Freemium titles often make use of these rewards systems, providing in-game currency, additional lives and other benefits in exchange for watching a video or posting to Facebook. One such developer discussed his rejection on Stack overflow, claiming that Apple rejected his app for the violating the following terms of the agreement.
2.25: Apps that display Apps other than your own for purchase or promotion in a manner similar to or confusing with the App Store will be rejected, unless designed for a specific approved need (e.g. health management, aviation, accessibility, etc.) or to provide significant added value for a targeted group of customers.
3.10: Developers who attempt to manipulate or cheat the user reviews or chart ranking in the App Store with fake or paid reviews, or any other inappropriate methods will be removed from the iOS Developer Program.
When asked about the rejection, the App Store reviewer confirmed that the app was rejected for “promoting other apps not your own” (section 2.2.5) and for offering “free in-game credits for watching videos of other apps by developers other than yourself” (section 3.10). As mentioned in a post iphonedevsdk, other apps are being rejected for incentivized sharing, which rewards the player with currency or lives in exchange for a post on Facebook.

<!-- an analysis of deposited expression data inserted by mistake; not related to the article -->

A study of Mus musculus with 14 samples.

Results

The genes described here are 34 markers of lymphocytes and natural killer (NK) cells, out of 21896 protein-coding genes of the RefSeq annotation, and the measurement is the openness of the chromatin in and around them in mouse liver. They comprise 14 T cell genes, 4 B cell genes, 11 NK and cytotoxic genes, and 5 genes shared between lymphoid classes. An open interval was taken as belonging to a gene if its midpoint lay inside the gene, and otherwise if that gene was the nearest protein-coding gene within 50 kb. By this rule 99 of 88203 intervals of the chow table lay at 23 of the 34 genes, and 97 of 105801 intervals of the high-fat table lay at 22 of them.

In the past, Apple has started rejecting apps that previously were allowed in the App Store. This latest round will have a long-reaching effect as both big and small game developers use video ads and social sharing to reward customers with in-game bonuses. For example, Candy Crush Saga makes liberal use of social sharing on Facebook, while Deer Hunter 2014 rewards users with gold when they watch ads, many of which showcase similar iOS games.
This new strategy by Apple may be a side effect of iOS 8, which improved the app discovery process with new trending keywords, related search terms and more. As Apple expands into the app discovery, the company is taking even more of that control away from developers who are promoting apps within their apps.
What do you think about freemium apps that offer rewards for watching videos or sharing on social network? Are you glad Apple is removing these apps from the App Store? Let us know in the comments.Like this post? Share it!